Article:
Towards a fairer future for conservation

Conservation at a crossroads: Phil Franks explains why conservation must take fairness more seriously.

Phil Franks is a senior researcher in IIED's Natural Resources research group
05 September 2016
A market takes place in the village of Tiogo next to the Tiogo Forest in Burkina Faso. With much of the food and hand crafts on sale from the forest, the community is dependent on the conservation of the forest to maintain their livelihoods (Photo: CIF Action, Creative Commons, via Flickr)

A market takes place in the village of Tiogo next to the Tiogo Forest in Burkina Faso. With much of the food and hand crafts on sale from the forest, the community is dependent on the conservation of the forest to maintain their livelihoods (Photo: CIF Action, Creative Commons, via Flickr)

Just under a year ago, at a meeting attended by 139 heads of state and government, the United Nations triumphantly adopted the 2030 Agenda for Sustainable Development and its associated Sustainable Development Goals (SDGs) – a positive and ambitious vision seeking to end poverty, protect the planet and ensure prosperity for all, where development is both sustainable and fairer.

A year later, the message from the IUCN World Conservation Congress (WCC)  the world's largest nature conservation event, hoping to shape the direction of conservation and sustainable development – is much more sobering:

The ecosystems that underpin our economies, well-being and survival are collapsing. Species are becoming extinct at unprecedented rates. Our climate is in crisis… The benefits of development are not shared equitably, the gap between rich and poor is widening, and economic growth is occurring at the expense of ecological integrity – World Conservation Congress

The congress' theme, 'Planet at a crossroads', underlines that it is not too late to take action for a future that is fairer and more sustainable. But time is running out.

Conservation has the particularly daunting task of having to recognise and reconcile a uniquely broad range of interests and rights  ̶   these may range from the interests and rights of an individual living in an area of high conservation importance to national and global-level concerns about watershed protection, biodiversity and climate change.

There are some win-win situations but more often than not, conservation will involve trade-offs and hard decisions. Such decisions are being made everywhere, every day, but are they fair? Across all walks of life, concern about unfairness and inequality is growing, as clearly indicated in the SDGs.   

What does 'fair' mean?

In the world of conservation policy, 'equity' is the word used in discussions of fairness; in the SDGs it is a mixture of 'inclusion', 'equity' and 'equality'; in rights-based approaches it is 'justice'.

In plain English these are all different interpretations of the same word: fairness. 

What is considered 'fair' in any given situation will of course vary greatly according to different viewpoints, and may well change over time.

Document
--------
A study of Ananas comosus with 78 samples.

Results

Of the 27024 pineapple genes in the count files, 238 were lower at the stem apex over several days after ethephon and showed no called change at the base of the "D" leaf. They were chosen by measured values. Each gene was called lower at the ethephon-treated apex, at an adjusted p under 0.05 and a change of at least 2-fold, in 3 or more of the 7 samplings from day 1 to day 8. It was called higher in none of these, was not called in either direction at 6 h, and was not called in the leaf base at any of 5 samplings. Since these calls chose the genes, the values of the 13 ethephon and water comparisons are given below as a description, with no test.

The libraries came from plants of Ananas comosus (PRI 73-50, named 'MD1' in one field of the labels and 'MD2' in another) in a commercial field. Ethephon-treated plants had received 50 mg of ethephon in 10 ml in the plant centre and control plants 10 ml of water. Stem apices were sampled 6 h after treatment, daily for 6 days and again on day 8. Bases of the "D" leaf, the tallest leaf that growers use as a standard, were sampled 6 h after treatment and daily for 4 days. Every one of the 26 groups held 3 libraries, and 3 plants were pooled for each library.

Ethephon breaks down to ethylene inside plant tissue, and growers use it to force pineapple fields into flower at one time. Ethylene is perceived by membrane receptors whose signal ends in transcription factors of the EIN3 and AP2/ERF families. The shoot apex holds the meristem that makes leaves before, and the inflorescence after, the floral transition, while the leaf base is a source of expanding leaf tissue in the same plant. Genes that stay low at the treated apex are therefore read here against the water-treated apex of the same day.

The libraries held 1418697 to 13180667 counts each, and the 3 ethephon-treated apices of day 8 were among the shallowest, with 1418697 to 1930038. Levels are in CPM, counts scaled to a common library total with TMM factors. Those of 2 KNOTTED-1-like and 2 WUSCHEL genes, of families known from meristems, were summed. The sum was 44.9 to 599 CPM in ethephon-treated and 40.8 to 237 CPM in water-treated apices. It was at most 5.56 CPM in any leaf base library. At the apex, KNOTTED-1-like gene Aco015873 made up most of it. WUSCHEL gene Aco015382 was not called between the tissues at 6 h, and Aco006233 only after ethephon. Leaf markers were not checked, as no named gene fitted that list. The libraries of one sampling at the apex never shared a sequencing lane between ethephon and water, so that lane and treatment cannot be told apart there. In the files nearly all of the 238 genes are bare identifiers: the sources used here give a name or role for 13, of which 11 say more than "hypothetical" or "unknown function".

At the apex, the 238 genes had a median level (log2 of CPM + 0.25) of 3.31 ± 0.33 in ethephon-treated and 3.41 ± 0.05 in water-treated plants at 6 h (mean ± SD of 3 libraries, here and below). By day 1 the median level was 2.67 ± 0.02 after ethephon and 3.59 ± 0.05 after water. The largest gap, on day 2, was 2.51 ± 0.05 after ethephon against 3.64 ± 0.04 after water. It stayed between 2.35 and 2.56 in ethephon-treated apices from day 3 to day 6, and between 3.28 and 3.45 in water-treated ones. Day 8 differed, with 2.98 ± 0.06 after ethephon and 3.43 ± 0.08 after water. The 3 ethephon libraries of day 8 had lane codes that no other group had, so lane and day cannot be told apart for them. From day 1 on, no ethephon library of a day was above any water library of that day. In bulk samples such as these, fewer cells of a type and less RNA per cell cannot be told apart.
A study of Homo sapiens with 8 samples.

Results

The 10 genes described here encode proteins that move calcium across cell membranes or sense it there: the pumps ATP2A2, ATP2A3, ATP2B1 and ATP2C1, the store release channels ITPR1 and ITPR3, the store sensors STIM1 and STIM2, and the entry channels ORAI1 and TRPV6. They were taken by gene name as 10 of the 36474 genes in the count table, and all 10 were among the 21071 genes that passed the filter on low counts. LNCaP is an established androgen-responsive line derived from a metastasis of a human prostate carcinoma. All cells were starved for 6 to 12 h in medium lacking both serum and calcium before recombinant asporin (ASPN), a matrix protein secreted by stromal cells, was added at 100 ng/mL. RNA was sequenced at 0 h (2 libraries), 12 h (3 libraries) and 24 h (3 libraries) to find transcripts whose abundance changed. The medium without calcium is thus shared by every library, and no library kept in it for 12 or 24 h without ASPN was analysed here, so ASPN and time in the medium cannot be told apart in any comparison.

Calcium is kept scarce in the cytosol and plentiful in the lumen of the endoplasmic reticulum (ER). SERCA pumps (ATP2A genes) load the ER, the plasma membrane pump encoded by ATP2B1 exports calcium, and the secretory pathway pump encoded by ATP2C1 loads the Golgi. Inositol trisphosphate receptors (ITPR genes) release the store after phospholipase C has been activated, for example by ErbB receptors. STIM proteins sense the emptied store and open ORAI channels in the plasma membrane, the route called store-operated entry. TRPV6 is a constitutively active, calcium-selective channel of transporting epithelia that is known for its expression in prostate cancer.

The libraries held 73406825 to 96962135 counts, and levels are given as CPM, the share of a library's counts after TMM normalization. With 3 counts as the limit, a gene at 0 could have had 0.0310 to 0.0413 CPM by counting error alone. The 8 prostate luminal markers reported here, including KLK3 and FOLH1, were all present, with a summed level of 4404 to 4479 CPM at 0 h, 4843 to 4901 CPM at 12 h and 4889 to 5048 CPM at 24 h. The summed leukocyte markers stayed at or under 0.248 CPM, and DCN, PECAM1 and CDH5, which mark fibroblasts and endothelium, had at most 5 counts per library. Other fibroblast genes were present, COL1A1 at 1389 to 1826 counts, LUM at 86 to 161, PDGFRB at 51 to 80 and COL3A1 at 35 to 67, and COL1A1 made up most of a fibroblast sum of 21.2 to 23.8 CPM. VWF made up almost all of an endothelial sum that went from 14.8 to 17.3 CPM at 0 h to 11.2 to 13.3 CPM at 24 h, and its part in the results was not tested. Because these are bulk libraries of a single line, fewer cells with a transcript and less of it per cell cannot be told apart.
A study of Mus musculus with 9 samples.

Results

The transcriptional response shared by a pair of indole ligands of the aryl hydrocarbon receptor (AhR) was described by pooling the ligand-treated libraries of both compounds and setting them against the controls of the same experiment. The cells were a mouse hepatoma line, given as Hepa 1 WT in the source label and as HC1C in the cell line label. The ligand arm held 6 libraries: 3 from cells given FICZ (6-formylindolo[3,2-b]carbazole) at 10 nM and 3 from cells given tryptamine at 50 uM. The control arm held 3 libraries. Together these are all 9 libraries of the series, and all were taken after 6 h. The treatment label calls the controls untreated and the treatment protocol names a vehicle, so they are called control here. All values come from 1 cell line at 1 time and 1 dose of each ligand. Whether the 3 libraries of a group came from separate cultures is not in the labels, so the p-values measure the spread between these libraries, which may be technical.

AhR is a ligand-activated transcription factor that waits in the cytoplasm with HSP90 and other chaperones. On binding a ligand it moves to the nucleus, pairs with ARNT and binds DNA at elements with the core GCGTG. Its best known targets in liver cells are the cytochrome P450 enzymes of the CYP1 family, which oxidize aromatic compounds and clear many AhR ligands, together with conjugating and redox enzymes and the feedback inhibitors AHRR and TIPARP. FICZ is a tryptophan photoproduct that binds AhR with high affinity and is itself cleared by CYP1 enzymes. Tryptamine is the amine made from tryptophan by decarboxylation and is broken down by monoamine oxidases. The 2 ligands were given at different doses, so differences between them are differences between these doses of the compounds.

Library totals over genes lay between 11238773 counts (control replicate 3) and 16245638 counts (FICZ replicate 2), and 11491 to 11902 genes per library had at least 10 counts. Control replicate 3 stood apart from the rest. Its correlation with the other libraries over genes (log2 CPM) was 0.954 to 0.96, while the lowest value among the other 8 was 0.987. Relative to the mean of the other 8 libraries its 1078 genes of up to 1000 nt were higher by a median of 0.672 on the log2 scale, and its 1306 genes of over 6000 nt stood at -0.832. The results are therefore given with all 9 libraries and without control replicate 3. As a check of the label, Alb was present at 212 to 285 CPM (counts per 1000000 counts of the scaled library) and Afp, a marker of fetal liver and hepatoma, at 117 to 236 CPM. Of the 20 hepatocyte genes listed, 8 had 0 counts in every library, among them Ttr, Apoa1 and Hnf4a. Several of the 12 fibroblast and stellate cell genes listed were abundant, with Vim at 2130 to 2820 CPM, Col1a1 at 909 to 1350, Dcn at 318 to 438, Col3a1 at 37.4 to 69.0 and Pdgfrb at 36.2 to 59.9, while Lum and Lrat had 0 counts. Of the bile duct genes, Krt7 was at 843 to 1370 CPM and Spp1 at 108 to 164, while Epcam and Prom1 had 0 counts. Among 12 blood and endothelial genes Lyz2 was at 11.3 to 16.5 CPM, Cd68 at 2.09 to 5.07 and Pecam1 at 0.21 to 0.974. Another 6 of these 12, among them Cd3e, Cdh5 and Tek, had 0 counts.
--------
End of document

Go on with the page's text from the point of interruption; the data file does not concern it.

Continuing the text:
There can be no such thing as an outcome that will be forever fair. But stakeholders can certainly identify, plan and implement steps – be it a few big steps or several smaller ones – towards fairer (i.e. more equitable) conservation.

Equitable conservation in practice

What, then, is equitable conservation? Contributing to poverty reduction is certainly important, but equity is also about the costs of conservation, and how benefits are distributed relative to these costs.

Many conservation programmes have 'benefit-sharing arrangements' but these are often blind to costs such as human-wildlife conflict, for example in Bwindi Impenetrable National Park in Uganda where the resulting sense of injustice is as much a driver of illegal activity as poverty

While it is essential to factor costs into the equity equation alongside benefits, there are two other crucial elements: the recognition of rights and interests, and fair procedures and processes.  

Although different conservation and development actors will have different priorities according to their goals and capacities, an equitable approach to conservation needs to address all three dimensions of equity – recognition, procedure and distribution.

Recognition means acknowledging, and accepting the legitimacy of, a particular issue, interest or right. Respect means not interfering with the enjoyment of a right. This is a minimum standard of equitable conservation that applies to all conservation and development actors.

Although this standard has become much more widely accepted in recent years, an article in the Observer timed to coincide with the World Conservation Congress highlights 11 ongoing cases of violations of the rights of indigenous peoples linked to conservation.

Finding a fairer way forward

Equity is by no means a new concept in conservation organisations. For many years, conservation policymakers and practitioners have been addressing equity through work on rights and governance (particularly the recognition and procedural dimensions), and through work on costs and benefits and their distribution.

However the linkage between these streams of work has often been weak and there have been substantial gaps between strong rhetoric and policies, and implementation on the ground.

IIED is committed to shaping a fairer future. Both for reasons of ethics and legitimacy and to deliver more effective and sustainable conservation, our message to the congress is this: put equity at the centre of conservation and let us take stronger steps to practice what we preach.

Phil Franks ( is a senior researcher in IIED's Natural Resources research group. This blog was originally posted by Mongabay.